Anyone out there worried that the state Legislature’s upcoming Oct. 28 special session that’s slated to consider a bill legalizing same-sex marriage may be in some way unconstitutional (either state or federal) can rest easier, Attorney General David M. Louie said on Oct. 15.
“The authority to enact legislation recognizing marriages between two individuals of the same sex is vested in the Hawaii State Legislature,” Louie said in his office’s 10-page opinion. “No amendment to the Hawaii Constitution is necessary to give the Legislature the authority to enact the Proposed Bill, should the Legislature choose to pass it.”
The AG issued the opinion in response to questions posed by state Senator Les Ihara, D- Kaimuki, who has long supported legalizing of same-sex marriage. In fact, the whole AG opinion was in fact a letter (dated Oct. 14) to Ihara.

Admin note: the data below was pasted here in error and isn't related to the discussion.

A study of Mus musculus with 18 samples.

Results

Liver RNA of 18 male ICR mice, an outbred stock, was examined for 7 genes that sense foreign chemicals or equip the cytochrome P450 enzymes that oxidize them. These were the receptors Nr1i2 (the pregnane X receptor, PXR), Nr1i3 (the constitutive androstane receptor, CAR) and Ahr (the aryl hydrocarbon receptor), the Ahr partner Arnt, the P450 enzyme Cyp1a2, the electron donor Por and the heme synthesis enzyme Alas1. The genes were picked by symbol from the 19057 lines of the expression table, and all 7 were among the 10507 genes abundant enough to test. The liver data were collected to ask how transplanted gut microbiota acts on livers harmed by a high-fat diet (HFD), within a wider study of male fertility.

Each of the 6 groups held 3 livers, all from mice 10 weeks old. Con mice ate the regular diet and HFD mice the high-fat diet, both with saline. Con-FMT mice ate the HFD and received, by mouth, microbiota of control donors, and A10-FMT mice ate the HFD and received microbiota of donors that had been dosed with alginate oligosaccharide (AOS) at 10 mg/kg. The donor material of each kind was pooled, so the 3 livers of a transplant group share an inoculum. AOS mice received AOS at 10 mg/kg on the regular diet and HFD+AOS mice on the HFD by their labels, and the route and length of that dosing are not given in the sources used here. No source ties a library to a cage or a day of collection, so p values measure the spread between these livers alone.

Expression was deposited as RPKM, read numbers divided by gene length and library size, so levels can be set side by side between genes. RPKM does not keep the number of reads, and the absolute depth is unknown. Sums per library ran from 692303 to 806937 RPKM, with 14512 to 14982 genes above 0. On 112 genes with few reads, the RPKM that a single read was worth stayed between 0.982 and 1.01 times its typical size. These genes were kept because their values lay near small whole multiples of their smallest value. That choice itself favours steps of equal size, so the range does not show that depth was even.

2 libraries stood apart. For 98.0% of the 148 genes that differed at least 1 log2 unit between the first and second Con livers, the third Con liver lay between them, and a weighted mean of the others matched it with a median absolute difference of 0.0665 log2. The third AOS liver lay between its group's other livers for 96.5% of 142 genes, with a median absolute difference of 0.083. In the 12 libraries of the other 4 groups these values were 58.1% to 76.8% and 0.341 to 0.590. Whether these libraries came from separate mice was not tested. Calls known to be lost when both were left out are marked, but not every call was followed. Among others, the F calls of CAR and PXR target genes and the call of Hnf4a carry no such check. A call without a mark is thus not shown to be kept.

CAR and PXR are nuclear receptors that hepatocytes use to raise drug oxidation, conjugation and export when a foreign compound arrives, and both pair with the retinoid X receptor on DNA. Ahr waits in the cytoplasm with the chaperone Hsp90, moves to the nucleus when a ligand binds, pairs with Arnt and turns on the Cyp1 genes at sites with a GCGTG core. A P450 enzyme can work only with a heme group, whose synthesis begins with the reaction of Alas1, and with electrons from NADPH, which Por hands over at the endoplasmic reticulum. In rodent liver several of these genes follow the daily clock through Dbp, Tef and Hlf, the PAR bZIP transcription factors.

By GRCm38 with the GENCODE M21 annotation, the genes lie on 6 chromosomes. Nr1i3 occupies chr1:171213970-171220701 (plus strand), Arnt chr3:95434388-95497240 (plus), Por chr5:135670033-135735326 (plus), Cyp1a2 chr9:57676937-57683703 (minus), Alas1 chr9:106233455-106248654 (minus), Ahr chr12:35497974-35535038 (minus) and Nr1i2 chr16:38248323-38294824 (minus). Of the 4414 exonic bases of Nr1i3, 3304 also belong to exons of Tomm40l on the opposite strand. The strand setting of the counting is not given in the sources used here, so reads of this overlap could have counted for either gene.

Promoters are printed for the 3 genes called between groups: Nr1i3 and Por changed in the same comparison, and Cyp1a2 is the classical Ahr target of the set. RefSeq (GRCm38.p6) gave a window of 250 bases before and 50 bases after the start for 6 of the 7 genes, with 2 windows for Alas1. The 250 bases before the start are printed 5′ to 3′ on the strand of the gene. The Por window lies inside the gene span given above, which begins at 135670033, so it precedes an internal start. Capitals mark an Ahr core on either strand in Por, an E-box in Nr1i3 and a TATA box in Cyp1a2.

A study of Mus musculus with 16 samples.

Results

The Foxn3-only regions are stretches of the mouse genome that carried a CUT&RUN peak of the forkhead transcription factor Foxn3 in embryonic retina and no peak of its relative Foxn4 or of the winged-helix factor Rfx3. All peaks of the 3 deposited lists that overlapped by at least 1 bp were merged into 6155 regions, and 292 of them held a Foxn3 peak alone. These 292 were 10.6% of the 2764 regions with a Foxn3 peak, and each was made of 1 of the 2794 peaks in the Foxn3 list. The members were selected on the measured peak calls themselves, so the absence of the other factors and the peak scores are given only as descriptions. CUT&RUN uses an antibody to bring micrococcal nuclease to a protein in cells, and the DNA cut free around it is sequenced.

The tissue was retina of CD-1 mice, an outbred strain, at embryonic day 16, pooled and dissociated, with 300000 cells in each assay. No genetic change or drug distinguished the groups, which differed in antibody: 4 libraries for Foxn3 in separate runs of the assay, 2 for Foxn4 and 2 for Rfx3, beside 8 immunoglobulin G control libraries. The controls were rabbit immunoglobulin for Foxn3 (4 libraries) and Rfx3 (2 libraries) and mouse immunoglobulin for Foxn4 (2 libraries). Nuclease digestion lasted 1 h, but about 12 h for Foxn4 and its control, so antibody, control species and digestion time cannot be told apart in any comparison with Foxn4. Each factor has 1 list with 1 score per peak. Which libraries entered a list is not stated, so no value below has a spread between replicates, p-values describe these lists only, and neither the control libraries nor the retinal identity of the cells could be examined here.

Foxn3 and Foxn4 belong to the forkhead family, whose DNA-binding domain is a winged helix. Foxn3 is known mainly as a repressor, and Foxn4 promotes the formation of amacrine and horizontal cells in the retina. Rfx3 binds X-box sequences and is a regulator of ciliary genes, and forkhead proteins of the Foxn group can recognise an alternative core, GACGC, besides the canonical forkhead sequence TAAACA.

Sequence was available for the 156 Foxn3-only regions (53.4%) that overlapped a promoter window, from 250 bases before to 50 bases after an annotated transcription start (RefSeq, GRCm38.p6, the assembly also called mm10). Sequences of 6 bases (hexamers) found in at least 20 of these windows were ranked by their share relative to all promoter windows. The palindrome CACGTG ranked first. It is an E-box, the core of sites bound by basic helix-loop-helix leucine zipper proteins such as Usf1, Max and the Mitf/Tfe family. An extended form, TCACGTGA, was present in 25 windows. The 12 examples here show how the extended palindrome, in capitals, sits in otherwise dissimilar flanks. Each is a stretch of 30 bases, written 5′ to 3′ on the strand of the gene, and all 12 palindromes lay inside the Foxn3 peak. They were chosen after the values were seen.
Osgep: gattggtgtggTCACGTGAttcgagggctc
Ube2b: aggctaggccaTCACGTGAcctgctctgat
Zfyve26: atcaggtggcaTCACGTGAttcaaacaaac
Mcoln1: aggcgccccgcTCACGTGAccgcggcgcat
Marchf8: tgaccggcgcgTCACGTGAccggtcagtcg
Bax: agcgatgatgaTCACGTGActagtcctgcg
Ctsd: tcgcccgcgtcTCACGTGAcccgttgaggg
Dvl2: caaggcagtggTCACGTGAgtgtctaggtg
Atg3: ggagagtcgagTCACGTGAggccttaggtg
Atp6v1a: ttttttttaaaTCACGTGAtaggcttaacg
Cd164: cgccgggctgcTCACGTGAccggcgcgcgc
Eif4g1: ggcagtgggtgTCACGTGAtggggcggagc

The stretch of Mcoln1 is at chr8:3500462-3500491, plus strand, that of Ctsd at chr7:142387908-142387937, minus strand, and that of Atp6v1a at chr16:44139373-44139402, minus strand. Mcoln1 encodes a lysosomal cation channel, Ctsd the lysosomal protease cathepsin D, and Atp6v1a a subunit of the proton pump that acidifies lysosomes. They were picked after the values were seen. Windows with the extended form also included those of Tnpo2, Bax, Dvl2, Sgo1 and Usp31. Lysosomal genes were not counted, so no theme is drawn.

“You informed us that your questions arise from arguments made by opponents of the marriage equality bill circulated by the Governor’s Office on September 9, 2013 (the Proposed Bill),” Louie wrote in the letter to Ihara which contained his office’s legal opinion. “According to your request, you note that opponents to the Proposed Bill contend that it cannot be enacted without an amendment to the Hawaii Constitution that specifically authorizes the Legislature to pass the Proposed Bill.”
In fact, Louie’s opinion notes, there’s nothing in either the Hawaii or U.S. Constitutions that would prohibit the state Legislature from allowing same-sex couples to enjoy all the benefits of marriage currently given to heterosexual couples.
“Enacting legislation to allow same-sex couples to marry is not inconsistent with the U.S. Constitution either,” Louie wrote in his opinion. “Under the federal system, generally a State government may choose by its own laws to recognize rights greater than those required by the U.S. Constitution.”